17/04/2013 13:28 BST | Updated 17/06/2013 06:12 BST

Spring Is Here - Rejoice With Tequila!

They say mud tends to stick, and tequila has had a hell of a lot of dirt thrown at it over the years. But I've been amazed, and very glad, to see how it continues to boom and shake off its tarnished reputation. There still seems to be a few who can't get pass their misunderstandings with it, but opinions on the spirit have changed massively since I started working with it many moons ago.

My first bar job was actually in a tequila bar and restaurant and it was a really hard push to convince folk to spend their hard-earned on something that was associated with shooters - and ones they didn't think they liked at that. There were so many poor impostors around that convincing someone that an aged tequila could be sipped after dinner, neat, wasn't an easy sell. If you could convince them to give it a go though, they were nearly always pleasantly surprised.

To many, tequila was overly sweet frozen 'margaritas' or shots accompanied by some cheap salt and a slice of lime. Don't get me wrong, both lime and (proper) salt can be wonderful compliments to tequila, but just not licking a mound off your hand and chomping down on a slice of it. The problem is, this ritual followed tequila, so even when the good stuff started to be easier to find, many still figured it still had to be drunk in this way. In fact, it's often when you convince people to part with shooting tequila alongside some salt and lime that they start to enjoy it.

This was so different to what my experiences of the spirit were, and as with many things, drinking tequila in its home nation was really an incredible experience. It's quite amazing how well it compliments food and just quite how versatile a spirit it is. Stylistically there's many different interpretations (and the whole other massive category of Mezcal), but - and this is certainly a positive - it retains its character through all. This is partly why the negative associations from the few-too-many office shots continued to put many off; The poor tequilas still exemplify the vegetal sweet agave note that is so wonderful in the finer examples.

To be honest, tequilas are many and varied, and I really wouldn't be able to do it justice here. Thankfully, there are many new agave spirits becoming available, and many new places where you can try them. One key pointer is to look out for the stuff that says "100% Agave" (the plant that tequilas and mezcals are made from; a close relation of the lily family, not a cactus as many imagine), this at least will point you in the direction of a better bottling. And go beyond mixing in the humble margarita - try a Tommy's version substituting agave nectar (or apricot brandy for a Toreador) for Cointreau, or try my friend Mike Sager's favourite; a glass of Champagne sipped alongside a nip of mezcal.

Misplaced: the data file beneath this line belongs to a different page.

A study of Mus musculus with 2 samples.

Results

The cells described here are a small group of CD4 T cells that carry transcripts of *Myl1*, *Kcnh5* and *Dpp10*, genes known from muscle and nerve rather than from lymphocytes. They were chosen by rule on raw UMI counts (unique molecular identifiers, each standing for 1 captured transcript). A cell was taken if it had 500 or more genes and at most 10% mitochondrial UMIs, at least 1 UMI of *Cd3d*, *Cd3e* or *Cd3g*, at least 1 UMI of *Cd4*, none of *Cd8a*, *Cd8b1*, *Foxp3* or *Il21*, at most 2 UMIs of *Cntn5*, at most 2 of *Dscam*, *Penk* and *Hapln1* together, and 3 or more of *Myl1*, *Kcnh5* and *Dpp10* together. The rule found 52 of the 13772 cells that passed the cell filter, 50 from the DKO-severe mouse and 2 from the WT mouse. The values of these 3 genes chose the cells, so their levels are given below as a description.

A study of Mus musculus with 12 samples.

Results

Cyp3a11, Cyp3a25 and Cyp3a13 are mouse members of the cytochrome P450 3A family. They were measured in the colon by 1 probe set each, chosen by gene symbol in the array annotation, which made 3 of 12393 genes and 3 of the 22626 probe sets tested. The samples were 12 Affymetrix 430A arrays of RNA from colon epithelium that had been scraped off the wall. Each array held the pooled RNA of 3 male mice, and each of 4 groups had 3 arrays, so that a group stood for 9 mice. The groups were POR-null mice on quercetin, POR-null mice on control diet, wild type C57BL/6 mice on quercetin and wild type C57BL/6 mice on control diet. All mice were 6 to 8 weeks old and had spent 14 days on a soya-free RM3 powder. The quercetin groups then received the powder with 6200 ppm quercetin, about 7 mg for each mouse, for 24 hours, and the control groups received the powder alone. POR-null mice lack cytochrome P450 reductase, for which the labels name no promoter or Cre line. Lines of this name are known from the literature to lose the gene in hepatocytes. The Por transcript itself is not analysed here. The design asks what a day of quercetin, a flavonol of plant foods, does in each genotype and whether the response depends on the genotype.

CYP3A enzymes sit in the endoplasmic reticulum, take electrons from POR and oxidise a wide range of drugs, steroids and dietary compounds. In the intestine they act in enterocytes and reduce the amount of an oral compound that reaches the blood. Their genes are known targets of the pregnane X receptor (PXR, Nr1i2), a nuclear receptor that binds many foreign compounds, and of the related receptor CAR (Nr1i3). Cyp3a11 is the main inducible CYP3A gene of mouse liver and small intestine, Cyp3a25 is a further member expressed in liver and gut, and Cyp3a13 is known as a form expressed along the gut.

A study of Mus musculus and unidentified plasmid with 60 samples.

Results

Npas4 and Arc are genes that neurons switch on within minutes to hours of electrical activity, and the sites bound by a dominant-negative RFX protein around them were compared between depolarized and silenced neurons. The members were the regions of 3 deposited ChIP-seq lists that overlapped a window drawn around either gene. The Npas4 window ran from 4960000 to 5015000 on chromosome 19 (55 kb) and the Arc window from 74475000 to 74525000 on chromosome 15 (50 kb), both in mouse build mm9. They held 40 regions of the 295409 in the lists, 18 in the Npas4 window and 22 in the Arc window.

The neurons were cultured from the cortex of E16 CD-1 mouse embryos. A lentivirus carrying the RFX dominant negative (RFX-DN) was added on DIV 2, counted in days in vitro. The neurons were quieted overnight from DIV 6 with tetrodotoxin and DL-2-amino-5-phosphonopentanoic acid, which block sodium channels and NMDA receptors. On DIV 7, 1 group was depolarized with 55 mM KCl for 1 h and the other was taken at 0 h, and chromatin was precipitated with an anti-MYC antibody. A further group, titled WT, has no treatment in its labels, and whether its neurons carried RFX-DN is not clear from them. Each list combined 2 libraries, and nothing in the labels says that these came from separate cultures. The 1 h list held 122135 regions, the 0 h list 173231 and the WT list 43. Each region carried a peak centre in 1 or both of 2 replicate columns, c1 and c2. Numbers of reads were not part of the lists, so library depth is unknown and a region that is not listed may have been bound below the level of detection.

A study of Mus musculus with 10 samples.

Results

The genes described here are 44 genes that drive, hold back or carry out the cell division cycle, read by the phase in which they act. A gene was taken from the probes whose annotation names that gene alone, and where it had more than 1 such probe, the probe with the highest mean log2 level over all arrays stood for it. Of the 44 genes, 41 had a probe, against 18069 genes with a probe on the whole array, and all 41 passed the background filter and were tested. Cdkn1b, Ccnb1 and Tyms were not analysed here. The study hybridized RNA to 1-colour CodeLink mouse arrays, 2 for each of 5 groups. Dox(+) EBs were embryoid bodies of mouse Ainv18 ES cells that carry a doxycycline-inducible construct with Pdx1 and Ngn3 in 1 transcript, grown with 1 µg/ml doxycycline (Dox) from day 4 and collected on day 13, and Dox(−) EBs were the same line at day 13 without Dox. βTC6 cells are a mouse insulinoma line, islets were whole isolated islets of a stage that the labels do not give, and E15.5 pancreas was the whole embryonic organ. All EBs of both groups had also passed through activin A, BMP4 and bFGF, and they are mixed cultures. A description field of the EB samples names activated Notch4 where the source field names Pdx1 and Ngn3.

I think the category really comes into its own alongside food though. In Mexico, we had many long lunches where tequila was shared amongst many courses and I was astonished how well it worked with the food. Of course, local drinks tend to work with local food, but tequila seems to be a wonderful partner of other cuisines too. It has an ability to ride a fine balance between savoury and sweet which is one of its many assets in the food matching task.

This is a wonderful, refreshing drink that works great with food (and the sun!), or by itself. Definitely better with a group of you though:


50ml Blanco or Reposado tequila (100% Agave)

20ml Fresh Pink Grapefruit juice

10ml Fresh lime

10ml sugar syrup (optional)

Small pinch of proper salt

Add all ingredients to a highball and stir until the salt has dissolved. Add some sugar syrup if your juices are quite sharp. Fill with cubed ice, stir and top up with chilled soda.